This blog post will address some considerations for IT professionals as they start enabling Privacy-Preserving Analytics (PPA) in their firms.  PPA, a term increasingly used by academics and businesspeople alike, is surprisingly poorly defined; we therefore first address this issue.  At LeapYear, we define PPA as a technology that allows an organization to create valuable and accurate analytics from a dataset without disclosing, directly or indirectly, sensitive information about the individuals or entities upon which these analytics are based.

The question of how to enable PPA is an interesting one when considering the complexity of modern IT environments.  Here at LeapYear, we interact with some of the world’s largest companies across the Fortune 500 to enable PPA at scale.  We work with companies in a variety of verticals including healthcare, financial services, technology, and other regulated industries.  The rest of this post explores some of the lessons we’ve learned from our experiences.  The IT landscape at these large companies is characterized by a variety of systems and tools that must seamlessly work together.  Centralized notions of identity and access management need to be taken into account, and infrastructure may be spread across both on-premises and cloud environments.  Data may be housed in silos across the organization, with each silo having its own regulatory and compliance regime that must be adhered to, as well as other idiosyncrasies that must be taken into account.  The following are the three key areas of consideration to maximize the probability of success when implementing or enabling PPA across your organization:

  1. What are you protecting against, and why?
    • Clearly define the threat model.  What entities need to be protected and what are the standards of protection you must adhere to?  Who are the personas or individuals that this data needs to be protected from (internal business analysts, external analysts)?  The answers to these questions will be critical to choose a solution architecture that best meets the needs of all stakeholders involved.  If the primary threat is an internal analyst potentially compromising data, the PPA tool should integrate with your existing identity solutions and provide some level of alerting/tracking of the analyst’s activity.  If the primary threat is a consumer of a static deliverable (such as a report or a set of model parameters), the PPA tool should have some way of tracking the privacy risk associated with these deliverables that is independent of the process used to create them.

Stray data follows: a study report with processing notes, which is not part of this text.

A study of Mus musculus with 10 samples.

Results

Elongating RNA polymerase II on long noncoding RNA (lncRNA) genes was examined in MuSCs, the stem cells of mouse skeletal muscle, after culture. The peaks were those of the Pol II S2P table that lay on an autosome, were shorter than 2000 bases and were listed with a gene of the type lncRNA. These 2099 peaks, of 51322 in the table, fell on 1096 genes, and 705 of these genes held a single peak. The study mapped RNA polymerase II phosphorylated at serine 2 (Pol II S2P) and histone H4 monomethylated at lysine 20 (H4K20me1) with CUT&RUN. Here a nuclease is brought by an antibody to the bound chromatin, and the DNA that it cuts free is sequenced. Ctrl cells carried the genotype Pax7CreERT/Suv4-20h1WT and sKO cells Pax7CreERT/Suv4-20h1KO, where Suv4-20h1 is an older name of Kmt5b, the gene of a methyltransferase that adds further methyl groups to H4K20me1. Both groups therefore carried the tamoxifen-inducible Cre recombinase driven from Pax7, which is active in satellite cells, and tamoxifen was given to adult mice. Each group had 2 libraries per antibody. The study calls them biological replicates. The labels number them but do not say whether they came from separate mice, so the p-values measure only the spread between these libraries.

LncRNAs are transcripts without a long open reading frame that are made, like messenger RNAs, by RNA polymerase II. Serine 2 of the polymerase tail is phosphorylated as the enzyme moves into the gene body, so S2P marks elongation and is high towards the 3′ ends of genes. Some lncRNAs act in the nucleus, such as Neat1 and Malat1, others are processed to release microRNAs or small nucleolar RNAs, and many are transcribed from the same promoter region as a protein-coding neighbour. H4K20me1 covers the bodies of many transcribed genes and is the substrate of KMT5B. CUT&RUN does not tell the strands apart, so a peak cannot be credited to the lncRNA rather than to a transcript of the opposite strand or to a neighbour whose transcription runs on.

• Clearly define the value proposition.  What business outcome is going to be enabled by PPA in my chosen scenario?  Understanding the use case and the resulting impact on relevant products and services as well as surrounding teams will help contextualize any required trade-offs.Consider the case where an organization is sharing data with a third party for the purposes of interactive analytics and machine learning, as many of our customers do.  Providing access to third parties may require a specific set of controls to be in place as well as the use of infrastructure that is logically or physically separate from the internal infrastructure.  Interactive analytics will likely require elastic infrastructure to be scaled up to meet compute demands[.3] .  In cases where the economic benefit to the business is high (e.g., third parties pay for access to these data/insights), pressure on the overall project budget or resource consumption will be less.
  2. How does PPA integrate with existing application systems?
    • Use a common notion of identity and authentication.  An enterprise-grade implementation of PPA should be able to consume a centralized notion of identity—for example, LDAP-based SSO via SAML—to drive both authentication and access control.
    • Decide how PPA will fit into your application and performance monitoring framework.  An application is only useful if it’s available and performant.  Any PPA solution should either come with its own monitoring framework or be able to easily integrate as a source into your existing monitoring solutions.
  3. How does PPA integrate into existing infrastructure?
    • Careful infrastructure planning is key to success.  PPA should be planned inside of the existing infrastructure, regardless of whether it is hybrid, cloud, or on-premises (and should accommodate any of these deployment models!).  A PPA provider should be able to work with you to help tune the application and maintain balance between performance and cost.
    • PPA should leverage existing data infrastructure.  A mature PPA solution will easily integrate with your existing data architecture.  Technologies such as JDBC/ODBC connectors and blob storage are critical and enable the federation of analytics across multiple disparate data sources and underlying datastore technologies.

When implemented in partnership with business, data, and IT stakeholders, PPA and machine learning projects will significantly benefit an organization.  As a result of unlocking access to sensitive data, companies can realize new economic gains through information-based products and services.  The IT team is an integral part of this journey, owning key systems and architectural details that will determine many aspects of the success of PPA implementation. If your organization is considering a project in the realm of PPA, we’d love to help you along your journey.  Please reach out to us and we will be happy to share our experience.